The main trends of the bankruptcy law development in Russia and abroad were discussed at the 8 th St Petersburg International Legal Forum on Friday. The discussion was chaired by the Ministry of Economic Development of the Russian Federation and the International Association of Insolvency Regulators.
The session was moderated by Divanandum Chinien - Chair of the International Association of Insolvency Regulators, Registrar of Companies, Director of Insolvency Service, Corporate and Business Registration Department, Mauritius. Ekaterina Salugina-Sorokovaya - Director of Department for finance and banking activity and investment development, Ministry of Economic Development of the Russian Federation, Oleg Zaytsev - Consultant, Research Center of Private Law named after Sergey Alekseev under the President of the Russian Federation, Irina Bukina - Judge, Supreme Court of the Russian Federation, Mandisa Maya - President, Supreme Court of Appeal of South Africa, Andrei Smirnykh – Head of Problematic Assets Department, Sberbank, and Aigul Ualiyeva - Head of the Financial Resolution Department, Committee of State Revenues, Ministry of Finance of the Republic of Kazakhstan participated in the discussion.
According to statistics, carried out by Irina Bukina, only 8% of potential bankrupts among consumers opted for the bankruptcy proceeding in Russia. “The provisions of bankruptcy law, regulating bankruptcy of citizens, have been effective in the Russian Federation since the 1st of October 2015. According to the data of court statistics and the Unified Federal Register of Information about Bankruptcy, over 50 000 Russian citizens have become insolvent since the establishment of consumer insolvency institution. According to the assessment of the Unified Credit Office it accounts for approximately 8% of potential bankrupts. <…> It means that the number of citizens, who need the procedure, is significantly higher than the number of those, who actually went through it,” the judge of Supreme Court said.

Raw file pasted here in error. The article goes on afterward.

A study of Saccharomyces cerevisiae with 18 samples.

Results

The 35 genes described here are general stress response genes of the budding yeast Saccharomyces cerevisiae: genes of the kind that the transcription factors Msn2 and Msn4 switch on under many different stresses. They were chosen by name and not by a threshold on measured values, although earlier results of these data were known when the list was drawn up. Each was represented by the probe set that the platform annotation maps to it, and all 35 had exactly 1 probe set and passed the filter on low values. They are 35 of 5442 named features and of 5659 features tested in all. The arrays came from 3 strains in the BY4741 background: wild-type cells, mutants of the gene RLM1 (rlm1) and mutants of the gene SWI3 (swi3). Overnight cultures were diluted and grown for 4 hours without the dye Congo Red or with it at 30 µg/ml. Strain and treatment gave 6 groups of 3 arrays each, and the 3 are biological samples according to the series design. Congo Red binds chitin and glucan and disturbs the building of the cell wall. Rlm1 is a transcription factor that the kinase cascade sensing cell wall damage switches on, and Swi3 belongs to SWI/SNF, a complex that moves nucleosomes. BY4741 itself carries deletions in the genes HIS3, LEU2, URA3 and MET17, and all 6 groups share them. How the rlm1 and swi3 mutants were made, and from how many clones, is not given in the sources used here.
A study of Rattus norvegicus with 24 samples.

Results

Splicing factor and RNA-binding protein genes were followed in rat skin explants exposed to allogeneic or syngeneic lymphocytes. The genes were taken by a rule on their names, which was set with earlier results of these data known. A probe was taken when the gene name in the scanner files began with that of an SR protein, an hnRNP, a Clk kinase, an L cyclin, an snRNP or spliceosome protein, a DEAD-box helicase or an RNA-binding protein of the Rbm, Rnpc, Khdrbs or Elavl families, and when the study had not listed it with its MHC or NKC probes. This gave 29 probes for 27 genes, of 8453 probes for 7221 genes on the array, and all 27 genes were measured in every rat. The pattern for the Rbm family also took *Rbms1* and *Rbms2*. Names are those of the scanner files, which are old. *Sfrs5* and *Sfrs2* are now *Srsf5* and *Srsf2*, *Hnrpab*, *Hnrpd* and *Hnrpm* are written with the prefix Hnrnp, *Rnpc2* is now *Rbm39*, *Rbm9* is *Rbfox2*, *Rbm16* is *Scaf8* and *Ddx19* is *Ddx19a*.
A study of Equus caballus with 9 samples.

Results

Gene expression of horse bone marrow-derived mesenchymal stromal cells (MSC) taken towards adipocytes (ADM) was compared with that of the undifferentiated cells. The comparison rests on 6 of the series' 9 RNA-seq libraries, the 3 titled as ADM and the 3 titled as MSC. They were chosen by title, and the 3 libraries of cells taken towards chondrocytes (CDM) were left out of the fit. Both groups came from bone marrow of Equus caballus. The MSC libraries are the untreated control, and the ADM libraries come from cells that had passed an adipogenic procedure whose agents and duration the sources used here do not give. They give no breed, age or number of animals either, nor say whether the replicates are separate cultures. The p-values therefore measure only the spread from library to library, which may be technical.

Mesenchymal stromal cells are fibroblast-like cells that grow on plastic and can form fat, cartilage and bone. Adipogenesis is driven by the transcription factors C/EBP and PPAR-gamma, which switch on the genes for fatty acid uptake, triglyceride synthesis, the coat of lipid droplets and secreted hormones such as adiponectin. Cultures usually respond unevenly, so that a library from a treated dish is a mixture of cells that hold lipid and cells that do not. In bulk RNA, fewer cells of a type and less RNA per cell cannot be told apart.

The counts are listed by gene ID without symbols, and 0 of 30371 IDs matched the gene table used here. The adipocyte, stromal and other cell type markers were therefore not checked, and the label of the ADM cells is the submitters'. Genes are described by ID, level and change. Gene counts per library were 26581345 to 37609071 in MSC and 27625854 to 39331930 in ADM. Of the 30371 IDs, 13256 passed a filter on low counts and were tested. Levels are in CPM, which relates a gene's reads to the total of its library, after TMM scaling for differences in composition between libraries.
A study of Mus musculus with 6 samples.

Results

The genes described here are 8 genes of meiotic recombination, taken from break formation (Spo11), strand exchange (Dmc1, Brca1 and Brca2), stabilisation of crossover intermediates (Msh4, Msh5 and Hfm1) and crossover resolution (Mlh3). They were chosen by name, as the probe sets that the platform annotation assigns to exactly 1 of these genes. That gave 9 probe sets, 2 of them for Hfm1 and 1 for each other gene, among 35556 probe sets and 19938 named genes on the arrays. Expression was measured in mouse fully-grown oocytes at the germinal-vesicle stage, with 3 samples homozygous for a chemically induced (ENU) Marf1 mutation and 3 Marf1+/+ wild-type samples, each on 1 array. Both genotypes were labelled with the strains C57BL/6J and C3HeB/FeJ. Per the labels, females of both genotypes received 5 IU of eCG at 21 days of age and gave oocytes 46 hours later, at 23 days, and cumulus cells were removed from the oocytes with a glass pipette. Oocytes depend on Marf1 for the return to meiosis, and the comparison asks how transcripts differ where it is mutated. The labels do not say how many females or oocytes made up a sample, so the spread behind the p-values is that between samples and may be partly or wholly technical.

According to her opinion, it is connected with the expensive price of the procedure among other factors. “It really turns out to be an expensive procedure. Money is needed to cover costs. Moreover, not all the citizens understand this law. It is written in a difficult way. Sometimes even judges have questions <…> And citizens attract experts, and as you know, the services of experts are not cheap,” Irina Burkina added.
In addition to that, she said that an important factor is that consumer insolvency transformed into liquidation, because the rehabilitation procedure is applied only for the very few.
Aigul Ualiyeva shared the experience of Kazakhstan in the development of such law. “As for today, this draft law is in the Government of the Republic of Kazakhstan. When we created this draft law, we came to the conclusion that we had to change the name of the law itself: not the Consumer Insolvency Law, but the Citizens Solvency Rehabilitation Law, so that it doesn't cause a firm assertion that a person is bankrupt. <…> The procedure should not be about the liquidation of a consumer, but a reason for his/her future economic activity,” – the Head of the Financial Resolution Department of the Committee of State Revenues at the Ministry of Finance of the Republic of Kazakhstan explained.
In her speech, Mandisa Maya shared the information about a similar law in South Africa. “In South Africa, such law is created according to a model law, suggested by the Committee of the United Nations. Despite the fact that the law was adopted in 2000, we still have to do a lot. We have to fill the gaps, which are identified in practical activity. This law offers instruments of cooperation between the agencies of South Africa and corresponding agencies in other countries,” the President of the Supreme Court of Appeal of South Africa said.
In his talk, Andrei Smirnykh also touched upon the small number of bankruptcy proceedings in Russia. "If we look at the private bankruptcy cases in Russia, there were only dozens of thousands of proceedings, although the procedure has been in place for over two years now (which is not such a short time as it may seem). <…> As a comparison, the U.S. has nearly reached one million bankruptcy cases. Our system obviously still has a huge potential," the Head of Problematic Assets Department at Sberbank said.
In his opinion, this is partly caused by the high cost of a bankruptcy proceeding.
Concluding the panel, the moderator thanked the participants for an insightful contribution to the bankruptcy law discussion and expressed her hope that this session was useful for all the attendees.